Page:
IF NIGERIANS’ poor health indices are to improve, government needs to devise innovations for optimal health budget performance.
Presently, it is estimated by the 2013 National Demography Health Survey (NDHS) that the country records 576 deaths from every 100,000 live births and Infant mortality ratio of 69 deaths out of every 1000 live births making Nigeria one of the worst places to give birth by World Health Organisation (WHO).
The continuing poor indices are hinged on the inability of yearly budgets to address vital aspects of health which include maternal and child health as well as infant Nutrition.
This was the view of stakeholders at a one-day Health Financing Dialogue organised by Lagos State Accountability Mechanism for Maternal and Newborn Health (LASAM) in collaboration with Save the Children International, NNNGO-PACFAH @SCALE, Lagos State Civil Society Partnership, DEVCOMS and MamaYe-Evidence for Action.
The concerns over health budget performance at all tiers of government especially as it concerns Primary Health Care (PHC) and Maternal, Newborn Child Health and Nutrition. (MNCHN) made the stakeholders to call for review of how funds for healthcare are sourced alongside optimising spending for its performance.
Director of Advocacy and Communication, Pharm Access Foundation, Dr. Olamide Okulaja in a keynote presentation at the Lagos State Health Financing Dialogue described present health budget activity of federal government and states as “imbalanced and poor” due to the skewed nature.
Okulaja observed that over the years over 85 percent of governments’ spending on health have gone into recurrent expenditure of salaries, wages and consumables leaving little to capital development.
According to Okulaja, “The bulk of Federal Government spending on the healthcare sector is allocated to recurrent expenditure (salaries and overheads including medical consumables) thus resulting in inadequate capital expenditure in the healthcare system”.
He noted, “Insufficient spending on healthcare has led to poorly equipped hospitals which are usually unable to treat complex ailments, resulting in dire consequences for patients hence, Nigeria’s Health Outcomes are appalling”.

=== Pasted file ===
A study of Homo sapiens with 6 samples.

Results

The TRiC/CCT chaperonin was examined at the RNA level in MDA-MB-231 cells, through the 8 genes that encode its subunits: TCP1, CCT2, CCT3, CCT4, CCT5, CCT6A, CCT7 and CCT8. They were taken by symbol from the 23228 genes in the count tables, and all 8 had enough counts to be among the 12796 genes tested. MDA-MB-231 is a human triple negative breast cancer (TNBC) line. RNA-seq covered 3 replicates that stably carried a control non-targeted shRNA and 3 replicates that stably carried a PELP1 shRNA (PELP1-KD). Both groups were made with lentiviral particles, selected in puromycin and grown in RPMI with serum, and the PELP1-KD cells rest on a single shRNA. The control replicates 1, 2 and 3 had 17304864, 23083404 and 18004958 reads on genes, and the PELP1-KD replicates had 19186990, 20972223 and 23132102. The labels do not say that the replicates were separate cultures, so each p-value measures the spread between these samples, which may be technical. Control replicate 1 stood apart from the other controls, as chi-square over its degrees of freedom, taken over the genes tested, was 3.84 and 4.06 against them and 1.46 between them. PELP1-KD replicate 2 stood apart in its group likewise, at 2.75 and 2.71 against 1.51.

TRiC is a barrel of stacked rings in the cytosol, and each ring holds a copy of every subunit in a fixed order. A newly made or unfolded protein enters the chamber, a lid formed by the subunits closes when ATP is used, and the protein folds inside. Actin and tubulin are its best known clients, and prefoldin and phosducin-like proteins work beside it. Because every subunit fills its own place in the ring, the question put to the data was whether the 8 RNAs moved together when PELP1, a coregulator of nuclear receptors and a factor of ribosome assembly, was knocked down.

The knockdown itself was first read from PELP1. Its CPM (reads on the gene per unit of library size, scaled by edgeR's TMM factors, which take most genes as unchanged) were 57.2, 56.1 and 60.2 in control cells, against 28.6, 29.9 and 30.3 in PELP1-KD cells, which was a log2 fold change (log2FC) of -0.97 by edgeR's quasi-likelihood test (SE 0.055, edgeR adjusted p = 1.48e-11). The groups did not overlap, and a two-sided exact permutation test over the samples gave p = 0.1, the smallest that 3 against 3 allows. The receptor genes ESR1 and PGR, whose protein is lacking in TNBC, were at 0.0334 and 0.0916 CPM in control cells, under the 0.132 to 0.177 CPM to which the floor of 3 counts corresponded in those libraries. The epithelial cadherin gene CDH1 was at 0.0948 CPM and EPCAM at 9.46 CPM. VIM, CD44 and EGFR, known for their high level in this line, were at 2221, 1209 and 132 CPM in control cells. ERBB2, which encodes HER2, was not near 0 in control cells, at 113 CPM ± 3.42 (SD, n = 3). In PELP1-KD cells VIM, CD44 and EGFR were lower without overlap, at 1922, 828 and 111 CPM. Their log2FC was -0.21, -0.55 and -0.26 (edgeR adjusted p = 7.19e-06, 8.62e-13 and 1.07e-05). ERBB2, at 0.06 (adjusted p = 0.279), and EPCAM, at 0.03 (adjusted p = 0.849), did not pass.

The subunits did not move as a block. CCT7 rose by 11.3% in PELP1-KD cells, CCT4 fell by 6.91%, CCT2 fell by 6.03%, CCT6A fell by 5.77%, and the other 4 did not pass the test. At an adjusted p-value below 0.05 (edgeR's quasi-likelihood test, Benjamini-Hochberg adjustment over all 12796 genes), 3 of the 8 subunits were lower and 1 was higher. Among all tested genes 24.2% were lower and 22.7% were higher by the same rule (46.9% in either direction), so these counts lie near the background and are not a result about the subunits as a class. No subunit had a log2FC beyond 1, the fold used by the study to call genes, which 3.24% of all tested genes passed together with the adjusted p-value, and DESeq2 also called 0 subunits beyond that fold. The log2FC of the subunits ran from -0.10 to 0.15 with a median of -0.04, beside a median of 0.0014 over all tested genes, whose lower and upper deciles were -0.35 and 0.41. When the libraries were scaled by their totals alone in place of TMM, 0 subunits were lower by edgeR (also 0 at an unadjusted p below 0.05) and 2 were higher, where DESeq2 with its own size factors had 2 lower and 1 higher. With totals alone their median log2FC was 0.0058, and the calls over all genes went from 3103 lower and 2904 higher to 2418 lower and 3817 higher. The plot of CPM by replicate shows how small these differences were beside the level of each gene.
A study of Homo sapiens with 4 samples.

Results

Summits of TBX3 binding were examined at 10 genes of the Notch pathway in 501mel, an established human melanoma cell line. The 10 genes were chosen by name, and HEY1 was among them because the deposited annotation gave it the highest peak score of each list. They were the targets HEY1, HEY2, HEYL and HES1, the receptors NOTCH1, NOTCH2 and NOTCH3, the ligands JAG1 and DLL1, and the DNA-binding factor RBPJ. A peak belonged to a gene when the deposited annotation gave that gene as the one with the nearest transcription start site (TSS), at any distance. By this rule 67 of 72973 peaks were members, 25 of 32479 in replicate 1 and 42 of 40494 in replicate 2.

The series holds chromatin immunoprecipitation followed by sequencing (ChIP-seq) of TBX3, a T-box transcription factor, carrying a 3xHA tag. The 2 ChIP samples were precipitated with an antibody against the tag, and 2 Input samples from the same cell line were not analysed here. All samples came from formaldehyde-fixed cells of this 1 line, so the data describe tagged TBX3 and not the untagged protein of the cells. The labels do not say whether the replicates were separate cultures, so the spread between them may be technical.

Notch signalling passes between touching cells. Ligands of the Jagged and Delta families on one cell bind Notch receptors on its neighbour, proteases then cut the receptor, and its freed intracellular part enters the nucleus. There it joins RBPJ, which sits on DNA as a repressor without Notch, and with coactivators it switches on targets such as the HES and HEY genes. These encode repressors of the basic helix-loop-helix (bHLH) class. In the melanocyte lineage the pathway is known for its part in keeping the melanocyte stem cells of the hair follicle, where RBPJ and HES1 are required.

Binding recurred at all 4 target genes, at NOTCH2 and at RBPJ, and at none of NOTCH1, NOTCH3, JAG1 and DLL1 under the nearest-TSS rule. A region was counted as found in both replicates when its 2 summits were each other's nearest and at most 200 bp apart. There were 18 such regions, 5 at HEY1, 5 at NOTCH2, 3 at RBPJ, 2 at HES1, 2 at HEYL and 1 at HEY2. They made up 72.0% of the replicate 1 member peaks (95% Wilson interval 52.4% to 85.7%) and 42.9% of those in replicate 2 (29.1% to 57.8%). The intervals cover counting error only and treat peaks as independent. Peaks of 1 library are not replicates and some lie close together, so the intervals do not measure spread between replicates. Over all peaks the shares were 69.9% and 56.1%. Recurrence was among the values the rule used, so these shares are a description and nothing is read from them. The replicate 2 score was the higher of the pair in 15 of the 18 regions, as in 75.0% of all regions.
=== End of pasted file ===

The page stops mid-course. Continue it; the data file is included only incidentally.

Okulaja in comparing health budget allocations and spending among Federal, Lagos, Kwara and Adamawa States, observed that in 2017, a meagre 4% of total Federal budget was allocated to health; Lagos allocated 6%, Kwara achieved 15% while Adamawa State gave 8% of its total budget to health.
He expressed concern that of the 6% Lagos State allocated to health in 2017, only 33% of it went for capital projects while 67% went to recurrent. Even at that, only 21% of the actual health budget was released for spending, Okunlaja pointed out.
He therefore advised that in appropriating adequate domestic resources to the health sector, “dedicated analytic, policy, and advocacy efforts are required”.
Okulaja equally recommended tax innovation as potential revenue source through sin taxes (such as tobacco and beer), telecoms taxes, and additional corporate and social responsible tax among others.
He also suggested improving health expenditure efficiencies. He identified leading causes of inefficiencies to include higher-than-necessary prices for medicines; use of substandard and counterfeit medicines; overuse or oversupply of equipment and technologies; and inappropriate or costly mix of staff and inappropriate hospital size.
Okulaja called for prioritizing healthcare, social health insurance, involvement of private sector participation and donors while government strives to build on the tangibility of healthcare to derive optimal outcome.
Examining the various options for financing healthcare a panel of discussants at the event agreed that the model for innovation would have to be all inclusive, cooperative and a partnership of ideas that effectively work.
Lagos State Commissioner for Health Dr Jide Idris in his remark disabused minds of citizens that government do not feel their plight. He noted, “The limitations in the system only permits that we rely on income to government which are not often in control of Health Ministry and disbursement from the Finance ministry to actualise outcomes”.
Idris calls for inter-sectoral collaboration and a paradigm shift from how budgeting are done by carrying people along to know exactly what they want so they can follow and demand accountability.
Chair, House Committee on Health, Honourable Segun Olulade urged citizens to take town hall meetings seriously saying, “Citizens demand and requests are often collated at town hall meetings to plan budgets and so, Residents cannot ignore such gatherings”.
Director of Budgeting, Ibrahim Obajomo sees the need for officials of the ministry of health to be diligent in their modules for health budget to ensure optimal performance.
Chair of the Lagos State Civil Society Partnerships Barrister Ayo Adebusoye advocated for improved health budget allocation to 15%, prompt and timely release of the budget and a budget with human face.
Launching the #FundNaijaHealth campaign, Country Director, MamaYeE4A, Dr. Tunde Segun called for dedication of stakeholders to ensure higher survival rates of mothers and their children by committing increased funding to programmes that promote MNCH+N.